2009. Abetz L et al. – Alzheimer’s disease treatment: Assessing caregiver preferences for mode of treatment delivery
Abetz L, Rofail D, Mertzanis P, Heelis R, Rosa K, Tellefsen C, et al. Alzheimer’s disease treatment: Assessing caregiver preferences for mode of treatment delivery. Adv Ther. 2009;26(6):627-44.
INTRODUCTION: Management of patients with Alzheimer’s Disease (AD) can exert a substantial burden upon caregivers. As new modes of treatment administration are developed, it is important to assess caregiver satisfaction and preference in a standardized manner. This study describes the development of the Alzheimer’s Disease Caregiver Preference Questionnaire (ADCPQ) to assess AD caregivers’ satisfaction with and preference for patch or capsule treatments in AD patients.
METHODS: Twenty-five published articles (1987-2002) were reviewed to identify potential ADCPQ domains. Three caregiver focus groups (n=24) were conducted to develop a first draft of the questionnaire. After evaluating the acceptance of ADCPQ to caregivers through in-depth interviews (n=10), its psychometric properties were assessed using data from 986 patients enrolled in a multicenter, randomized, double-blind, four-arm, placebo- and active-controlled, 24-week trial.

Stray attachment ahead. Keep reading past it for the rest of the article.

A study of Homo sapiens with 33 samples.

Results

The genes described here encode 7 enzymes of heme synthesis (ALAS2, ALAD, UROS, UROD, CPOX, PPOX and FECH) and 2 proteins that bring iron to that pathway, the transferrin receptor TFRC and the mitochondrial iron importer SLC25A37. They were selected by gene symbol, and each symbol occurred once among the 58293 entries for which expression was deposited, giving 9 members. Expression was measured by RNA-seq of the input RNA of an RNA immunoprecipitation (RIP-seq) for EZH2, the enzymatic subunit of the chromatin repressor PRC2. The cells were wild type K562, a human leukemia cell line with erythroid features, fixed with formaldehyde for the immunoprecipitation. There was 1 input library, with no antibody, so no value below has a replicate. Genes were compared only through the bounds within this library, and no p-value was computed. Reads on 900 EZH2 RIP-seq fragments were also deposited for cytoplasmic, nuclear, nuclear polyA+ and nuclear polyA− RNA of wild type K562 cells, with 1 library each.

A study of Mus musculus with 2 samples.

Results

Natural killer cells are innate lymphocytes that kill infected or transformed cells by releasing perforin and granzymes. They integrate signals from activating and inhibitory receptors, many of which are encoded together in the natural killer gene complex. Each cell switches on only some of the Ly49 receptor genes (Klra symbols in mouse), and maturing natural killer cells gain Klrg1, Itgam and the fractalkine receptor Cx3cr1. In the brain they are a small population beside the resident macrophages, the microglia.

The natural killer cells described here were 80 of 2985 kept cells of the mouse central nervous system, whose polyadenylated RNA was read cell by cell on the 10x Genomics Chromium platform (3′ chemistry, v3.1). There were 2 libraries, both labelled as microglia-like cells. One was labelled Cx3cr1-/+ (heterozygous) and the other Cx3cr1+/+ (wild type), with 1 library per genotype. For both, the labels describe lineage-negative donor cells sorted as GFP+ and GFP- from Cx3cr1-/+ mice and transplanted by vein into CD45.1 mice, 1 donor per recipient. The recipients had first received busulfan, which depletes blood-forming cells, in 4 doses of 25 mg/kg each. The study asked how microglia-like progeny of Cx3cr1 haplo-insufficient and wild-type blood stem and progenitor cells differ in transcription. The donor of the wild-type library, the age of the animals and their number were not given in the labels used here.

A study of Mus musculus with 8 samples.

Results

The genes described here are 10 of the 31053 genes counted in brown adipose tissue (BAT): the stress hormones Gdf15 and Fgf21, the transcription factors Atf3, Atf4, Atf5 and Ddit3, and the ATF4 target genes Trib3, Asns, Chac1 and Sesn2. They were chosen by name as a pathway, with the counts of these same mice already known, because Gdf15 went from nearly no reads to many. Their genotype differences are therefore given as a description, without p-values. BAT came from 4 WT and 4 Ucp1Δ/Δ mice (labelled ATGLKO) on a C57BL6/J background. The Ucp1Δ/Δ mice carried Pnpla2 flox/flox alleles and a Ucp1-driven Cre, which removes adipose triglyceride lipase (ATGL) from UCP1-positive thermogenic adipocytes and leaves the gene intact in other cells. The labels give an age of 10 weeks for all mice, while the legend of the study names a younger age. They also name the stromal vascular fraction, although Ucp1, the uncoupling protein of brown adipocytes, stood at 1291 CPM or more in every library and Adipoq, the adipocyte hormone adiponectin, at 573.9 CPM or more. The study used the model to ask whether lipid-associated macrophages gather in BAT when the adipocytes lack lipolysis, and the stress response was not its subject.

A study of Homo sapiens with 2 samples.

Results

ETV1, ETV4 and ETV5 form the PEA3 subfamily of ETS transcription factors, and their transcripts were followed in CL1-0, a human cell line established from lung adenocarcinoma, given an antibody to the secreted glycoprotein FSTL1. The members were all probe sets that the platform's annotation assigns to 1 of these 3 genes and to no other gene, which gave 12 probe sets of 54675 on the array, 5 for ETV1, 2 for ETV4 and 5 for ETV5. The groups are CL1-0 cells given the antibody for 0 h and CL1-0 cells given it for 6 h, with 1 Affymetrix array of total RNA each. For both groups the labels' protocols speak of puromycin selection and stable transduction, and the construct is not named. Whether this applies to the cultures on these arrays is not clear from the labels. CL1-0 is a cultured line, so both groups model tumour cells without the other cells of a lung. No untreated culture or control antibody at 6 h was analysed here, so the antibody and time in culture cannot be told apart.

RESULTS: Focus groups indicated that caregivers expressed dissatisfaction with current AD treatment routines including limitations related to: efficacy, administration schedule, number of pills, adherence to treatment, side effects, and taking pills. In-depth interviews with caregivers found the ADCPQ to be comprehensible with an acceptable layout. The resultant ADCPQ comprises three modules: A) baseline, 11 items assessing treatment expectations; B) week 8, 33 items on satisfaction and preferences with treatment options; C) week 24, 10 items assessing overall opinions of treatment options. Missing data per item was low (<or=0.3%) and domain internal consistency reliability was good (0.71-0.91). Preference items were also valid when evaluating concordance and discordance between convenience and satisfaction patch and capsule domain scores.
CONCLUSION: AD treatment puts a significant strain on caregivers. New modes of treatment delivery may be less burdensome to caregivers, thereby increasing satisfaction and potential treatment adherence. The ADCPQ was well accepted by AD caregivers and its domains demonstrated satisfactory psychometric properties. The ADCPQ is a useful tool to understand caregiver preferences for patch versus oral therapies in AD.